Good news: The Fighter is mistitled. It’s not about another raging bull. It’s about a whole raging family: bulls, cows, even raging heifers. It opens in 1993 in the blue-collar section of Lowell, Massachusetts, where the punching doesn’t stop at the ropes and the air is alive with epithets: Ya junkbag, ya skank, ya cheap bastahd. At last, the famously pugilistic filmmaker David O. Russell (George Clooney in a Playboy interview: “He turned on me and said … ‘You want to hit me? You want to hit me? Come on, pussy, hit me.’ I’m looking at him like he’s out of his mind. Then he started banging me on the head with his head”) has found a set of characters more quarrelsome than he is: two half-brothers, Micky Ward (Mark Wahlberg) and Dicky Eklund (Christian Bale); Micky’s bartending squeeze, Charlene (Amy Adams); their boozy bottle-blonde mom, Alice (Melissa Leo); and their fearsome armada of big-haired sisters. Ironically, the title character, Wahlberg’s Micky, is the movie’s peacemaker. He just wants everyone to get along so he can pummel people outside the family to a pulp.
The Fighter takes a while to find its footing. It opens in a faux-documentary style, with the emphasis on faux: Once again, Massachusetts accents prove to be the kryptonite of superstars. (Even Wahlberg can’t nail the tricky Lowell dialect.) Bale’s Dicky, once a boxer and the “pride of Lowell,” is now the subject of an HBO whatever-happened-to doc he thinks is meant to herald his comeback. But it’s actually about how he became a crackhead—which is bad for Dicky but good for Bale, who gets a chance to do one of those overcommitted-Method-actor transformations, which leaves him with bones popping out of his sallow flesh. He’s terrific, but, you know, ick. It’s the faded junior welterweight Micky, now working in construction, who decides to give the ring one more shot and who ends up getting the boost from HBO. In this he is assisted—and prodded, and sometimes browbeaten—by his new girlfriend.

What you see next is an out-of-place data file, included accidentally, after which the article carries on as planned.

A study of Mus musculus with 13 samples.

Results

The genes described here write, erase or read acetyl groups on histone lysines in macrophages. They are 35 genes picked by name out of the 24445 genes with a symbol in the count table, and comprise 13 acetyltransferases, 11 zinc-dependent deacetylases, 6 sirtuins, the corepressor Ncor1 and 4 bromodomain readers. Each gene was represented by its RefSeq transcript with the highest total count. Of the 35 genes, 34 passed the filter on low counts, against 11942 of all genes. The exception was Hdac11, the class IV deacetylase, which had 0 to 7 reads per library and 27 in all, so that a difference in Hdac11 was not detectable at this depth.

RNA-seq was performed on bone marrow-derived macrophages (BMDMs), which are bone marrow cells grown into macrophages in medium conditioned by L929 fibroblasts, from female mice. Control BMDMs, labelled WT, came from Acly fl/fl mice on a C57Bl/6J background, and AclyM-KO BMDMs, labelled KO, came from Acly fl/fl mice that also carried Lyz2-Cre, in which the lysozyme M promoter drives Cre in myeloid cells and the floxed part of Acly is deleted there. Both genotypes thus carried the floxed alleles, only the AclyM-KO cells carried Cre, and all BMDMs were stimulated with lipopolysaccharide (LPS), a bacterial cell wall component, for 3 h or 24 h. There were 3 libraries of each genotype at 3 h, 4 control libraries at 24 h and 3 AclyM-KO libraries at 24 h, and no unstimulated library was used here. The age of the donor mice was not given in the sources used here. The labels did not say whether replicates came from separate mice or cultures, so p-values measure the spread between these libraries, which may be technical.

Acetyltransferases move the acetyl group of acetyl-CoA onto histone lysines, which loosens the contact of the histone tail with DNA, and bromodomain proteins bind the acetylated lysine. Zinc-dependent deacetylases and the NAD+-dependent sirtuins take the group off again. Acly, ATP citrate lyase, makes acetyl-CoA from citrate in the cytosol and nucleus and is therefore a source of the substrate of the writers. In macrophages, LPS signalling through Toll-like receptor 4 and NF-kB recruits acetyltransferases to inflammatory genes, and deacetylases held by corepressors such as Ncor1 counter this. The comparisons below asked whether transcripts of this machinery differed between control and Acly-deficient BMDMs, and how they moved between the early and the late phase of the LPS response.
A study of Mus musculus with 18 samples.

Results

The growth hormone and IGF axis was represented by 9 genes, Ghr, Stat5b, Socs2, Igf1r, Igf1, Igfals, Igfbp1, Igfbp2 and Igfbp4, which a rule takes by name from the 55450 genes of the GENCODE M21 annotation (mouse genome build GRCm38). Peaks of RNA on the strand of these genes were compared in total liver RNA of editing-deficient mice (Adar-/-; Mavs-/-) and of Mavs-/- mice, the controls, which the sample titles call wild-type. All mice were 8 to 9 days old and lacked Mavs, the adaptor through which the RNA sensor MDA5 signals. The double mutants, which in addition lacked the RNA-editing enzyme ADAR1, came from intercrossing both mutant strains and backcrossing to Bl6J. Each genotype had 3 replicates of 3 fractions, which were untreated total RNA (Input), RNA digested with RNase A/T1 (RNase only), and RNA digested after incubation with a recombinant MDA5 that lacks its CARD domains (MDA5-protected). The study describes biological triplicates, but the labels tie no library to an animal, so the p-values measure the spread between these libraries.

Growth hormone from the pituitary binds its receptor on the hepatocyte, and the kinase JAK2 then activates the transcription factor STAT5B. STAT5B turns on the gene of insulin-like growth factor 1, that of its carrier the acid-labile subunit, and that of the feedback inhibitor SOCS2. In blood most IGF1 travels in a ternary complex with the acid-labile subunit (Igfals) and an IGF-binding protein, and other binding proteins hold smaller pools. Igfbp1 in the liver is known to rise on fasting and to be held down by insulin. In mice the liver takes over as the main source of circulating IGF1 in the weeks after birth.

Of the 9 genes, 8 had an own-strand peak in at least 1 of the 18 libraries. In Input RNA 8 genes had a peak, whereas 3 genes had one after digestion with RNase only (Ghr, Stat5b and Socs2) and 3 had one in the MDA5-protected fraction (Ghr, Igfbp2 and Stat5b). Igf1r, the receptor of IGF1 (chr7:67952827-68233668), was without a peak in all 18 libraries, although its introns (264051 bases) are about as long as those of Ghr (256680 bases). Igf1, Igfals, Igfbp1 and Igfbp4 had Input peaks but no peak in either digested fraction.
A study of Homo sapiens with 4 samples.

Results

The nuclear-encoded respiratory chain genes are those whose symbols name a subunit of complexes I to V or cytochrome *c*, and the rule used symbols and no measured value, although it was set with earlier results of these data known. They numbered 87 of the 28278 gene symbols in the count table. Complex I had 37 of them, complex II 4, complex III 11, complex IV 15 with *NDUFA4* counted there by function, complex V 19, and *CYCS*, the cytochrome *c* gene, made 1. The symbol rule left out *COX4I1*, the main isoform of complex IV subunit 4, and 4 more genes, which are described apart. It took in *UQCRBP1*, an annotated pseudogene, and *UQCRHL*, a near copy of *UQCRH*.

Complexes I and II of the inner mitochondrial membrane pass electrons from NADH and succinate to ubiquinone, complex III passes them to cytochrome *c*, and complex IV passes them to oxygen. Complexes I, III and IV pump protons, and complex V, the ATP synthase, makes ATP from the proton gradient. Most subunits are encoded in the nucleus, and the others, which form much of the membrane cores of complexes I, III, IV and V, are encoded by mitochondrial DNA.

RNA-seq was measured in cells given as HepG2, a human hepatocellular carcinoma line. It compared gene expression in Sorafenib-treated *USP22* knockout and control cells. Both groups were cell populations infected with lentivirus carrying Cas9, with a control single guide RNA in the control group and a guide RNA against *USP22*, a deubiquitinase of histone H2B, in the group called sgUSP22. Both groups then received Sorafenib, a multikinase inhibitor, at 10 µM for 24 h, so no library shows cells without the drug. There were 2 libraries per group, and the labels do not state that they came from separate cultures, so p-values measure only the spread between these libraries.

It falls to Charlene to pry Micky loose from his druggie brother and loudmouthed mom, and Amy Adams—in the past such an airy-fairy and ethereal little nun—has accomplished her own transformation. She has gained weight: not much but enough to give her a cute tum and make her arms look like they’re used to heaving multiple pitchers of lager. And with her eyes like blue steel and swarm of red hair, it doesn’t take much to get her Irish up. The Fighter really takes off when her Charlene goes up against Mama Alice, who calls her, mystifyingly, “an MTV girl” but is finally forced to respect her titanic will. You get the feeling that Leo, a full-throttle scenery chewer, was forced to respect Adams, too: It’s mano-a-mano in that nutty Best Supporting Actress category.
Director Russell reportedly signed on late in the game, when Darren Aronofsky dropped out to punish ballerinas instead of boxers, and his filmmaking is loose and spontaneous. The themes don’t snap into focus—I’d have liked a nod to the irony that HBO sells Dicky’s downfall as avidly as Micky’s rise—but the movie has so much texture that once it gets you, you’re good and got. The real Micky Ward was known for taking loads of punishment, and the fighting is brutal. But Russell doesn’t stylize the bouts or go for Raging Bull–style slo-mo crucifixion poetry. You’re always aware of the people outside the ropes screaming at Micky, who seems to feed on all that family drama, to suck it in the way Popeye sucked in spinach. The Fighter suggests that a seedy, nasty milieu can knock you down but also pick you up and shove you back in the ring to keep punching. It’s a rousing picture.
What moved Joel and Ethan Coen to adapt Charles Portis’s 1968 novel True Grit for the screen anew, 40-plus years after John Wayne made the one-eyed Marshall “Rooster” Cogburn his own? My guess is that they were turned on by Portis’s voice, his mixture of quasi-biblical dialect and morbidly funny modern fatalism. The novel is structured like an old-fashioned revenge saga, except the villain is a hapless cretin and the hero a mean drunk who rode with the Confederate Captain Quantrill during the infamous Lawrence, Kansas, massacre of 1863. Director Henry Hathaway was too old-school to underline the sick jokes, and Wayne had a mythical persona to uphold. The Coens signal their intentions by replacing the Duke with the Dude (Jeff Bridges) and introducing him—or rather, his voice—from inside an outhouse. Behind the walls he sits, churlishly refusing to engage with Mattie Ross (Hailee Steinfeld), a 14-year-old who seeks a man with “true grit” to help her capture her father’s killer. At that point, all we can tell is that Cogburn has true shit.